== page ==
Ron Pradinuk / Winnipeg Free Press
Your passport is among the most important documents you possess.
I received an email from a traveller who felt it was important Canadians become more aware of their passport entry rules, particularly those who are dual citizens.
The woman, a British-Canadian dual citizen, was refused boarding because of a Canadian passport rule imposed more than a year ago.
“If you are a dual Canadian citizen used to travelling to or transiting through Canada by air with a non-Canadian passport, you will no longer be able to do so as of November 10, 2016. You will need a valid Canadian passport to board your flight,” the rule states. “If your country needs you to enter and exit that country using a passport issued by its government, you will still need a valid Canadian passport to board your flight to Canada. Make sure to carry both passports when you travel.”
She is 68 and her husband is 75. This was a traumatic incident for them and they want others in similar dual passport situations to be fully informed.
Passports are the lifeblood of travellers. There are a multitude of rules that many people may not be aware of, while clearly stated on our government’s website (visit bit.ly/2GWnYqi).
There have been numerous reports of families being denied boarding for vacations because one of the parents had signed their child’s passport. Reports as recent as last year highlighted a case where a woman’s young daughter’s passport was rendered invalid because the mother had mistakenly signed it, thinking that was what she should do.
Not only did they not get to their vacation, but there was no insurance coverage available to which they could apply for a refund — and the tour operator almost certainly will show no financial sympathy.
Clearly stated, “Children under the age of 16 can sign their own passports, but if they do not, leave the signature block on page three blank. If you sign it on behalf of the child the passport will be invalid.”
Since some countries hold diametrically opposite policies, Passport Canada suggests families carry copies of the Canadian rules — and I would have the website link handy for local foreign officials to quickly check on their own more easily.
Protect your passport at all times
Your Canadian passport may be one of the most important documents you own, but it also holds tremendous value to thieves.
Ours is among the most respected passports in the world and — if stolen — sells well on the underground market.
Reapplying for a passport can be an arduous process.
If it has been stolen overseas, you will have to go through a multitude of serious questions, which must be backed up as much as possible by proof, before you are granted a new one.
And should you apply for yet another for any reason, lost or stolen, the process will become even more arduous. Passport Canada will dig even deeper to make sure there have not been any fraudulent actions relating to that loss.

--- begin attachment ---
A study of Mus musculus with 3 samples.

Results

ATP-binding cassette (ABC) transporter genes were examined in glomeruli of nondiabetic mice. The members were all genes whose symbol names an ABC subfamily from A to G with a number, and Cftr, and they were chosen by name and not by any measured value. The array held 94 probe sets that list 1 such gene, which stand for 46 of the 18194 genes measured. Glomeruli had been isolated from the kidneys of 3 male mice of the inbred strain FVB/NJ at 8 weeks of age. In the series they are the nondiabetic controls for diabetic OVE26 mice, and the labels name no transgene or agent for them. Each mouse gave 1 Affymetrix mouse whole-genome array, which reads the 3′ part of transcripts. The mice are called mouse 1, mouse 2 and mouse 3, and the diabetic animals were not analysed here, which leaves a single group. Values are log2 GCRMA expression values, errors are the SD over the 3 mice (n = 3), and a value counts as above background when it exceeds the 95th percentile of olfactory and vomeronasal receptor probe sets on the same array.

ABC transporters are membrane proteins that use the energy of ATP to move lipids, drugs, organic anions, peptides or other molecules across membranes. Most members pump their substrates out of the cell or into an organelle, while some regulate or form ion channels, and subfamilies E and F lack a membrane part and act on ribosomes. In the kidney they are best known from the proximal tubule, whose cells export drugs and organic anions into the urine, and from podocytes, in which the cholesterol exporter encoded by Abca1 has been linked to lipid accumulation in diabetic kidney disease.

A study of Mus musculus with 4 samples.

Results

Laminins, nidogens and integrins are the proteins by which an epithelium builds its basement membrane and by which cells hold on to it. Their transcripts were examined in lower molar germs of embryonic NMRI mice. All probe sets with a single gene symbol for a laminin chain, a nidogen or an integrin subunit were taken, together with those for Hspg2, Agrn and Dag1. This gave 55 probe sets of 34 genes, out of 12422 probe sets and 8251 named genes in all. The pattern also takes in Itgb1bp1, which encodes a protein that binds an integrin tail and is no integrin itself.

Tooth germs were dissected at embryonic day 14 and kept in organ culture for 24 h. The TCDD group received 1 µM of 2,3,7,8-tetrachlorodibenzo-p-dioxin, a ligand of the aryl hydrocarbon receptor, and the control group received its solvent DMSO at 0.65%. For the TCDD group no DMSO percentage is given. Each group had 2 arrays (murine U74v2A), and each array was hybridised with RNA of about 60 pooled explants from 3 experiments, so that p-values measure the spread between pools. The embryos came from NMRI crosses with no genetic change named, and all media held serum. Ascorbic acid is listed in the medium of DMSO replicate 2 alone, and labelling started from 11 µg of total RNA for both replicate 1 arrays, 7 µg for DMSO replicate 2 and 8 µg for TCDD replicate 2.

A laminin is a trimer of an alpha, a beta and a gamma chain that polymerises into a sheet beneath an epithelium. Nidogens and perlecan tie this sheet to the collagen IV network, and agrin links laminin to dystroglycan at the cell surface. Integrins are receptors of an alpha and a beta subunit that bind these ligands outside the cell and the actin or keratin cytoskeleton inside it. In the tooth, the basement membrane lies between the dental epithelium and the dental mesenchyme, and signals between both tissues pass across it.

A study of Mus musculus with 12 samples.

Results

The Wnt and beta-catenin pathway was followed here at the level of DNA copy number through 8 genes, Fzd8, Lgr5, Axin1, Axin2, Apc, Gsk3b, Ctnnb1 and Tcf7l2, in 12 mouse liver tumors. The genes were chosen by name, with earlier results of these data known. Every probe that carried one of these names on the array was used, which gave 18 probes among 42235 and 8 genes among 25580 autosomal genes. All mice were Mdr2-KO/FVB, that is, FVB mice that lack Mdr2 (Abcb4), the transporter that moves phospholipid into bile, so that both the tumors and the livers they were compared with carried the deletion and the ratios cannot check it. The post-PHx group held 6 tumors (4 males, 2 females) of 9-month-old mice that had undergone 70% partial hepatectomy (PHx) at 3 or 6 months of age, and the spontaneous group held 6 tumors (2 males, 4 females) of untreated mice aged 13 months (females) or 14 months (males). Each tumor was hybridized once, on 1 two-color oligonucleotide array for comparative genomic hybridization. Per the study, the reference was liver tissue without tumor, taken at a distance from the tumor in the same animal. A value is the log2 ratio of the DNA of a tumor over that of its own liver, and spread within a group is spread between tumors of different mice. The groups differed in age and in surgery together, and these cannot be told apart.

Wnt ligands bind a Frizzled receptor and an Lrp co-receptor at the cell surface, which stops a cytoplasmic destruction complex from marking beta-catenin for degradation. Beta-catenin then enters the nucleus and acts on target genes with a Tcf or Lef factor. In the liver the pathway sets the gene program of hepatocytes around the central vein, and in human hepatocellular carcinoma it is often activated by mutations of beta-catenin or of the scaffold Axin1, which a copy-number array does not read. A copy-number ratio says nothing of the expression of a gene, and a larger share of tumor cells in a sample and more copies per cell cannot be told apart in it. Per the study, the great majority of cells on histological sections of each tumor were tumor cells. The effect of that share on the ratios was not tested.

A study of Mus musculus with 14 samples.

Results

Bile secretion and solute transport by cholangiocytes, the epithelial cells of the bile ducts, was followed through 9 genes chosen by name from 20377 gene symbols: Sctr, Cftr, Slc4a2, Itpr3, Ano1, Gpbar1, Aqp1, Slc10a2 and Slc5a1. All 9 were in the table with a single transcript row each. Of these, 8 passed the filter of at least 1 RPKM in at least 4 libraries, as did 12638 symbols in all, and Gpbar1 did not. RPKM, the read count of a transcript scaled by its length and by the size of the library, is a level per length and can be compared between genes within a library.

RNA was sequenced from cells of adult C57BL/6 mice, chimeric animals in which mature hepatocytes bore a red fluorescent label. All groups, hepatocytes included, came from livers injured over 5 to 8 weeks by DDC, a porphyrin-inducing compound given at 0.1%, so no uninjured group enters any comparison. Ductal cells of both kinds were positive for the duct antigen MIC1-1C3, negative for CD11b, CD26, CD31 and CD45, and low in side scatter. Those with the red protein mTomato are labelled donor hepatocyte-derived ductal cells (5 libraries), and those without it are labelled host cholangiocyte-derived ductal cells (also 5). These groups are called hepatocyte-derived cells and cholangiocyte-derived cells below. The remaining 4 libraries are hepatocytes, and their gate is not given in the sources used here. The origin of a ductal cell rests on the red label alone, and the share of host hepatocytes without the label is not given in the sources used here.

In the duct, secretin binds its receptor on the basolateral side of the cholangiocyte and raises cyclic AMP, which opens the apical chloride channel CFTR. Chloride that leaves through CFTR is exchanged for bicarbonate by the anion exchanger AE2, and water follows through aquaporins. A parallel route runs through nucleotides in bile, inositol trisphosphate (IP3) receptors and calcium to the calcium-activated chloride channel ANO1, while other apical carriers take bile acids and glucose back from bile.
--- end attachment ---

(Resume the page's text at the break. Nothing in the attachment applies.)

Canada’s passport security doesn’t see a difference between lost and stolen passports. In both cases, you don’t know where your passport is and someone could use it for false purposes.
In both cases, when you report your passport lost or stolen, Passport Canada will confirm your identity by asking for identification. Only the passport holder (or legal parent or guardian for a child) may report a passport lost or stolen.
Law enforcement and border agencies will be informed so no one else can use your passport for travel.
Many questions about the circumstances of the loss or theft will be asked. If you recover your passport after reapplying, it will be too late — the original one will have been cancelled.
When you are on a trip, it is best to put your passport in a locked safe. And when you need to carry it for identification, I recommend you keep it isolated in a waist wallet, or other similar unit.
Reapply if your passport is damaged
You could be denied entry into a country if your passport is not in good condition. Passport Canada suggests you reapply for another one with the return of your existing document. Reasons to replace your passport include removal of pages, unauthorized markings, tears in one or more pages, exposure to water or humidity, chewing marks from a child or pet, change of the information and/or photo, separation of the cover and inside pages — as well as other forms of damage.
Passport pages and validity
I was extremely happy when the 10-year passports became available. As a frequent traveller, since passports must be valid for at least six months beyond the expected return day, it seemed I was always applying for a new one long before the expiry date.
However, the one downfall of the new 10-year options is that, while more pages have been added to the new ones, extra pages cannot be added to an existing passport. I try to control which pages my passport is stamped when I enter countries, with the view of getting several visits on one page.
This is not always possible. It is important to be aware some countries require at least one or more clean pages. South Africa, for example, requires two clean pages.
It is up to the traveller to make sure these pages are available so as to eliminate any possibility of being denied entry over what might seem a meaningless issue.
Canadians have a right to be proud of what their passport represents. Hopefully these few tips will help in insuring travellers can use them whenever they need to for entry into other countries and then re-entry back home again.